After Florida regulators stood up, at least briefly, to the giant Allstate Insurance Co. last week, I was leaning toward this headline for this column:
At last, state finds spine
After all, Tallahassee's been pretending to have a backbone in dealing with the powerful insurance industry since Hurricane Andrew bulldozed across south Miami in 1992 and introduced us to the modern era of mega-hurricane destruction and hyper-escalating insurance rates.
Last week's action showed some chops by Florida's chief insurance regulator, Kevin McCarty with ample blessings from Gov. Charlie Crist, when he banned all Allstate business in the state until the company delivers information sought by state subpoenas about how the insurer really decides the rates it charges homeowners.
It's been a long and frustrating contention by many Florida homeowners: If you want to get the attention of a big property insurer here, take away its profitable line of insuring autos.
For all of a day, the "You're in good hands" company became the "You're in tied hands" company.
Allstate quickly contested and, for now, defeated the regulatory ban. A state appeals court on Friday stayed the ban and put Allstate back in business in Florida, though it is still supposed to provide documents sought by state subpoena. Florida is trying to reimpose the ban and maintain the financial pressure on Illinois-based Allstate, which analysts say gets 9.4 percent of its premiums from business in this state.
Since Crist and McCarty opted for this strategy of confrontation - standing up to the playground bully - I hope they have the will and a high pain threshold to stay the course.
If you look a little closer at Allstate, this is a behemoth that thinks little of thumbing its nose at uppity state regulators and legal pressure. Its pockets are extraordinarily deep. And its executives have a history of girding for war. Consider:
- Allstate's Thomas J. Wilson may be celebrating his first anniversary as CEO, but he's a veteran of the company, and even served as vice president of strategy and analysis at Sears, Roebuck and Co. (which used to own Allstate). Why do we care? Because Wilson was one of the chief architects to help Allstate reorganize its Florida property insurance business into a separate, stand-alone company, Allstate Floridian Insurance Co. That key maneuver reduced parent Allstate's exposure to hurricane losses in Florida and, frankly, made it harder for state regulators here to delve into the parent corporation's records.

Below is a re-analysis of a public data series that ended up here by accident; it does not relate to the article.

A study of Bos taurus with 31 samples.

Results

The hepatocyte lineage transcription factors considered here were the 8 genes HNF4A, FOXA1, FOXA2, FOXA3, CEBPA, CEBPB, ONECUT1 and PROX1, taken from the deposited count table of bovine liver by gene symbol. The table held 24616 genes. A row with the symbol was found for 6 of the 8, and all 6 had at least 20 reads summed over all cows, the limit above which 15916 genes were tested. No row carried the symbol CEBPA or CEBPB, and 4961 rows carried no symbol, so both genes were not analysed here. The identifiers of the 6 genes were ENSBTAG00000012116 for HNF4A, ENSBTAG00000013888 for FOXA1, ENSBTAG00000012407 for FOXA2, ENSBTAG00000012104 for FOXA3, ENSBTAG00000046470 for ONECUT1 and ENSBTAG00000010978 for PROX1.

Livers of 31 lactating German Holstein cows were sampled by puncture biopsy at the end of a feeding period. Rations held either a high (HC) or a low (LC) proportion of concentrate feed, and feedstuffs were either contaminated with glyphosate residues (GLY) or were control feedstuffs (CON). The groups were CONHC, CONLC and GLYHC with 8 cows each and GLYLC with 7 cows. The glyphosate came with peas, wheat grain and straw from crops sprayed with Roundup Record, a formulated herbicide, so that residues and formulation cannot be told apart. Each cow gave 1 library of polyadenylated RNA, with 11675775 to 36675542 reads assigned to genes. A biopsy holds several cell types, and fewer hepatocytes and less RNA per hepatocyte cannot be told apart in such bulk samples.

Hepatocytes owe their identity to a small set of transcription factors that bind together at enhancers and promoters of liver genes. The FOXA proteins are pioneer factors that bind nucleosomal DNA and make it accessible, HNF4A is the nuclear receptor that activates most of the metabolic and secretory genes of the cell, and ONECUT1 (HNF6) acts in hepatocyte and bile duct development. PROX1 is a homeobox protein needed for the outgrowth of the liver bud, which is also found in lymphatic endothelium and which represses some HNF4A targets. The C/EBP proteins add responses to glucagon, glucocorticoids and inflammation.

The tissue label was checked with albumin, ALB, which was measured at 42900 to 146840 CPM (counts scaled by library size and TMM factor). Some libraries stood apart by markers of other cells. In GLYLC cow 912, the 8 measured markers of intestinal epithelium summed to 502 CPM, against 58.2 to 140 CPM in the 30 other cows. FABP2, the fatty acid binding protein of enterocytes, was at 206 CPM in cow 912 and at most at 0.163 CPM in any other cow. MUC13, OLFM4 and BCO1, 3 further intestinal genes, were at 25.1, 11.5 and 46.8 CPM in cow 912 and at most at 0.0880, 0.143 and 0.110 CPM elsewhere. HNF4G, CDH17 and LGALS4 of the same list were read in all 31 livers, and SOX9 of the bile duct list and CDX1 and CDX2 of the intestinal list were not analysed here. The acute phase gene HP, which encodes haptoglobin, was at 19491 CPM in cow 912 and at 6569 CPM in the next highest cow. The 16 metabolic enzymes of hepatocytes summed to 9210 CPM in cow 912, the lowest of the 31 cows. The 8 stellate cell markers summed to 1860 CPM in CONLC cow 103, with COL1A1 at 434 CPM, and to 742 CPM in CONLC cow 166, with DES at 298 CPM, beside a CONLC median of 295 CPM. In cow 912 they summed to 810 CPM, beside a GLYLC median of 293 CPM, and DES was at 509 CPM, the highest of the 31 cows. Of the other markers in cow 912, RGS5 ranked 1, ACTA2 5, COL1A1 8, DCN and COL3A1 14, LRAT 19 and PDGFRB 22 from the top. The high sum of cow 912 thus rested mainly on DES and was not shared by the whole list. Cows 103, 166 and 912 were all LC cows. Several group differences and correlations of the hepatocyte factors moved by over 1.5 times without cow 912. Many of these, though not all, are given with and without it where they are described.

- As the Times reported last week, Allstate had no problem exiting Massachusetts when the insurance climate got too chilly. Though Missouri has fined Allstate $25,000 a day since September to honor its subpoena and fork over internal documents, the insurer is resisting. The fine is accumulating but Allstate is not paying. Yet these are but the tip of an iceberg of litigation against Allstate, especially in the devastating wake of 2005's Hurricane Katrina.
- A number of these lawsuits seek information from Allstate about the so-called "McKinsey Report," a document prepared in 1992 - right after Hurricane Andrew - for Allstate by the creme-de-la-creme management consulting firm McKinsey & Co. It reportedly outlines systematic, hardball strategies to become more profitable by paying out less in claims.
As documented by NPR, Bloomberg and other news sources, one slide McKinsey prepared for Allstate was titled "Good Hands or Boxing Gloves." Here's how it worked. When a policyholder files a claim, McKinsey advised, make a low offer. Treat the customer well if he accepts the low amount. If the customer protests or hires a lawyer, Allstate should fight back.
Florida regulators want to eyeball the details of Allstate's "McKinsey Report." So would a bunch of other states and trial attorneys. Allstate claims these are business secrets.
Good luck, Florida. If you mean it, get ready to rumble.